David McNeill & Jake Adelstein
It is one of the mysteries of Japan’s ongoing nuclear crisis: How much damage did the March 11 earthquake do to the Fukushima Daiichi reactors before the tsunami hit? The stakes are high: If the quake structurally compromised the plant and the safety of its nuclear fuel, then every other similar reactor in Japan will have to be reviewed and possibly shut down. With virtually all of Japan’s 54 reactors either offline (35) or scheduled for shutdown by next April, the issue of structural safety looms over the decision to restart every one in the months and years after.
Note: Germany gets 25% of its electricity from nuclear. We get 21%
By JUDY DEMPSEY and JACK EWING
Published: May 30, 2011
BERLIN — The German government agreed on Monday to phase out all nuclear power by 2022, a sharp reversal by Chancellor Angela Merkel aimed at appeasing the country’s intensified antinuclear movement. The announcement came after marathon talks held at the chancellery on a new report by the Ethics Commission for Security Energy that recommended closing all 17 of the country’s nuclear plants.
by Brian Moench
Published on Sunday, May 22, 2011 by CommonDreams.org
""I apologize. I do not want to live in a country where any time a corporation does something that is legitimately wrong, is subject to some sort of political pressure. [It] amounts to a shakedown, so I apologize."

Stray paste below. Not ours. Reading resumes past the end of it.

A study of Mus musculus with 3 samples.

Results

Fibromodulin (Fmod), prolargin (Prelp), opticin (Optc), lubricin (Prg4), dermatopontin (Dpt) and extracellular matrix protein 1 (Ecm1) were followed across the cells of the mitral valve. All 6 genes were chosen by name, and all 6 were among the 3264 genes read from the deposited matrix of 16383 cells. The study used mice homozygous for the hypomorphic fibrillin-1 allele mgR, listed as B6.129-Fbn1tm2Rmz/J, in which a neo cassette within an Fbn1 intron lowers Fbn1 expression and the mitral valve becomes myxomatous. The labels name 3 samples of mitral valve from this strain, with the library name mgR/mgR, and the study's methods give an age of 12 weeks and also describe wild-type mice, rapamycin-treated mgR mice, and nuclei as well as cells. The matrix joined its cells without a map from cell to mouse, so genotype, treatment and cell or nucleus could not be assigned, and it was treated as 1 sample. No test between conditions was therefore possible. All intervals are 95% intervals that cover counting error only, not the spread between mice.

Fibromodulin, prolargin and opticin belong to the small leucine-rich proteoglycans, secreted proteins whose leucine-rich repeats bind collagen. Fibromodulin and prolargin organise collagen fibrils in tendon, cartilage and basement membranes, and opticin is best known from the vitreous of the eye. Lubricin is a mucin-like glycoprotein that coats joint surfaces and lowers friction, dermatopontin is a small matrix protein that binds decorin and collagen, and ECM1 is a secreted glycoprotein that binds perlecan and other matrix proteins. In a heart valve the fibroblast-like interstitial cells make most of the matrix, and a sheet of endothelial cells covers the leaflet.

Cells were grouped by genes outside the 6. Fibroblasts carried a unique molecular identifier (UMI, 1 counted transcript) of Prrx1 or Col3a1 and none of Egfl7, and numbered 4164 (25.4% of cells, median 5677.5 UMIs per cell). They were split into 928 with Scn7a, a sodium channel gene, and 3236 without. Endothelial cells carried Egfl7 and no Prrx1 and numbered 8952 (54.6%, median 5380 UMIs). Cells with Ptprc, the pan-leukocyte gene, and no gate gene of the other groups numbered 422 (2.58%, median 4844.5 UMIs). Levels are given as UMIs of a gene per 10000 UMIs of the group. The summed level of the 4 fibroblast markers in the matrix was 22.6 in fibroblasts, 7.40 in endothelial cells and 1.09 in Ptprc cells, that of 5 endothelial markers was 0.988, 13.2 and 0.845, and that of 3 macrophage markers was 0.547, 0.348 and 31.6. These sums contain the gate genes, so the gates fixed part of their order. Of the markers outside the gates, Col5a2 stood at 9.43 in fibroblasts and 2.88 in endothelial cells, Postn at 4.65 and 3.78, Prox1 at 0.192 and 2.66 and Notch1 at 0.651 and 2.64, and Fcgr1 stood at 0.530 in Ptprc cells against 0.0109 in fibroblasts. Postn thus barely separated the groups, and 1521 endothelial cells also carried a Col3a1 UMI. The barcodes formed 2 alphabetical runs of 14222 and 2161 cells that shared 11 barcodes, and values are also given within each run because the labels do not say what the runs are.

How about Barton’s grasp of CO2 as a greenhouse gas? “It’s odorless, colorless, tasteless, doesn’t cause cancer... there’s nobody that’s ever been admitted to a hospital because of CO2 poisoning. Hell, “CO2 is in our Coca-Cola!'"
Even better is Barton's explanation of how wind power could speed up climate change. "Wind is God’s way of balancing heat. Wind is the way you shift heat from areas where it’s hotter to areas where it’s cooler. Wouldn’t it be ironic if in the interest of global warming we mandated massive switches to energy, which is a finite resource, which slows the winds down, which causes the temperature to go up? Now, I’m not saying that’s going to happen, Mr. Chairman, but that is definitely something on the massive scale. I mean, it does make some sense. You stop something, you can’t transfer that heat, and the heat goes up. It’s just something to think about.”
Congressman Joe Barton, Texas (R) Ranking Member House Energy and Commerce Committee
Yes, Joe, that sure is something to think about!